Hundreds apply at warehouse recruitment

August 14, 2015

JANESVILLE—If steel company A.M. Castle wanted a flood of local applicants to choose from to fill its work ranks at a new distribution and fabricating facility it plans later this year in Janesville, its dream came true.

Jobseekers, hundreds of them, flocked to an employee recruitment event A.M. Castle held at the Rock County Job Center Friday afternoon, crowding the parking lot and every seat in the lobby for hours at the center at 1900 Center Ave. in Janesville.

A.M. Castle isn't even officially in town yet. Ground was just broken a few weeks ago for  the 200,000-square-foot facility on the city's east side.

But the company is seeking to hire 60 warehouse operators to staff the facility. About a half-dozen human resources workers for the company worked to test, screen and interview applicants Friday during the first day of a recruitment fair that continues Saturday morning.

The big draw for the approximately 400 jobseekers Friday: The warehouse positions A.M. Castle is trying to fill start at $16.50 per hour, the job center confirmed.

A.M. Castle officials at the event did not comment Friday or call back a Gazette reporter who sought comment on how much the warehouse jobs would pay, or whether the positions would be permanent or full time.

But some applicants interviewed said that landing a job in the company's future warehouse would double the pay they now earn at local part-time jobs in manufacturing and labor, even if it wasn't a full-time job.

Yet based on the number of those applying Friday alone, some thought they'd need either a memorable interview or plain old luck to land a job with the company.

“Getting this job would be like winning the lottery,” Beloit resident Robert Rygh said. “And I'm talking about the odds of actually getting hired for this job, and the benefits of getting the job, both. It's $16.50 an hour. You can't find jobs with that kind of pay anywhere around here, not for warehouse jobs or material handling,”

Rygh was in a large room at the job center, among about 50 applicants who were seated at rows of tables. The applicants, men and women ranging in age from their early 20s to late 50s, all had been culled for on-the-spot interviews based on their performance on a half-hour-long math skills test the company had administered.

Rygh, 60, says he works part-time as a custodian at Beloit City Hall. That job, he said, pays $8 an hour, and he works half days.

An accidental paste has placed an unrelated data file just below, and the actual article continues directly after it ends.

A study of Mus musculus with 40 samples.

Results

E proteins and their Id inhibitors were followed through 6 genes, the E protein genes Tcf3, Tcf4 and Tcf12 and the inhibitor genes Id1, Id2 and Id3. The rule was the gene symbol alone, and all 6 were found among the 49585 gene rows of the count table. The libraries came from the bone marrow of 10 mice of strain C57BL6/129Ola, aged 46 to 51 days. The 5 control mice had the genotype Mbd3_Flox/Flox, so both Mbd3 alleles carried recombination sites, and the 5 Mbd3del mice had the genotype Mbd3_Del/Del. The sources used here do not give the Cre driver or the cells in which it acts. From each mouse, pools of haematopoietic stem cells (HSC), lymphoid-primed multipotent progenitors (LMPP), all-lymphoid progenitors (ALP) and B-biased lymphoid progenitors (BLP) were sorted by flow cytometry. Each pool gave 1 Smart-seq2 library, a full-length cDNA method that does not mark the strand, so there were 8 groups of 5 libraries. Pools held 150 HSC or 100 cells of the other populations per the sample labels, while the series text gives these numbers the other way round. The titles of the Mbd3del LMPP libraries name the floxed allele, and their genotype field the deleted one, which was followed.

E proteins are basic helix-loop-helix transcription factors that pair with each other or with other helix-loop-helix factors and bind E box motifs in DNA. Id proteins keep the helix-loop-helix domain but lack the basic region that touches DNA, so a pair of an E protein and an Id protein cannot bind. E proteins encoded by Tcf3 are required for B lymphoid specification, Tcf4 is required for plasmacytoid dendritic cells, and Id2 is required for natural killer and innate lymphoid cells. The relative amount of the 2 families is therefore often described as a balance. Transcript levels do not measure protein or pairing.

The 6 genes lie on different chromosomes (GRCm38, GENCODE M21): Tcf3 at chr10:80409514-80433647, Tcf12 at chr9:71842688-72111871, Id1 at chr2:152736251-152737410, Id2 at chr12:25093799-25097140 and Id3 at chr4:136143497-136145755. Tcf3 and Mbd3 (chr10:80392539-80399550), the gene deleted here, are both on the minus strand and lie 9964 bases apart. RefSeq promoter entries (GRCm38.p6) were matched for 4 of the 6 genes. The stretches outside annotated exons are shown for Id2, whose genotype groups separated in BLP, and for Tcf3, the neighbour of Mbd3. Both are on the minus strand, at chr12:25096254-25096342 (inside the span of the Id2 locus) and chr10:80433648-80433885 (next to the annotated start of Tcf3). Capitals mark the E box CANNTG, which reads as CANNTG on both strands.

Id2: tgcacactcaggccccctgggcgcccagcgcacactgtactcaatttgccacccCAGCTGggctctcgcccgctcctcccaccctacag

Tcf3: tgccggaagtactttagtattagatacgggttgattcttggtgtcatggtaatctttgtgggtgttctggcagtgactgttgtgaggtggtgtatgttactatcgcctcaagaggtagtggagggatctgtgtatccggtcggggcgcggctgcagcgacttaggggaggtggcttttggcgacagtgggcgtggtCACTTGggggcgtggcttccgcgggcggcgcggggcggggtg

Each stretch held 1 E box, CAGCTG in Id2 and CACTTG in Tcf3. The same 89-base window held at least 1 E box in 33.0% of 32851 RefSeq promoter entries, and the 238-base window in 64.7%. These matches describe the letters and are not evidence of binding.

Rygh said he and his wife, who works for an area school district, are OK financially, mainly because of his wife's pay and insurance benefits. But Rygh wants to earn more money, and that's why came to the recruitment Friday.

“For most people, $8 an hour isn't enough to live on. It's not going to cut it,” he said.

One local woman waiting for an interview with A.M. Castle said she's worked two part-time jobs in the last three years that pay $8 to $10 an hour. One of the jobs was “seasonal,” and her position was eliminated six months after she started.

The woman didn't want to give her name or say where she works, because she was afraid her employer would learn she'd applied for a better-paying job.

“They'd fired me. I'd be done,” the woman said.

The woman said she wants better pay and more job stability.

“I need to earn more to get by, and I need a job that's full time and permanent, not something you start and then get laid off in six months because it's seasonal work, and they don't want to hire anybody full time.”

Dana Melahn, a caseworker at the job center, said the heavy turnout for the recruitment Friday was unusual. She expected A.M. Castle's Saturday recruitment would probably have a line out the door.

“It's because of the high starting pay that this company (A.M. Castle) is offering. Plain and simple,” she said.

Melahn said other recent job fairs at the job center haven't fared as well. One recent event there had 41 employers, but only about 175 jobseekers showed up.

“We're trying to figure out why that happened. The (July) numbers for unemployment in Rock County just came out, and it's down a little (from 5.3 percent) to 5 percent. People may be finding jobs on their own, maybe there's less demand,” she said.

Melahn said interest in local service jobs, which typically pay on the low end of the wage spectrum, are seeing waning interest. But she suggested medium-pay jobs also are seeing strains in hiring.

The job center has been hosting jobs “boot camps” in cooperation with area trade schools, including a recent welding crash course geared to fill “skills gaps” that some local industries say are hampering hiring as much as employee turnover. This at a time when demand for products is increasing.

Melahn said the job center's crash courses include meet-and-greets and mock interviews with local industries. Some industries, she said, say they're training workers to advance them to more skilled and better-paying jobs within.

Others aren't, she said.

“That's something along with the wage issue that I wish some industries would work on,” she said.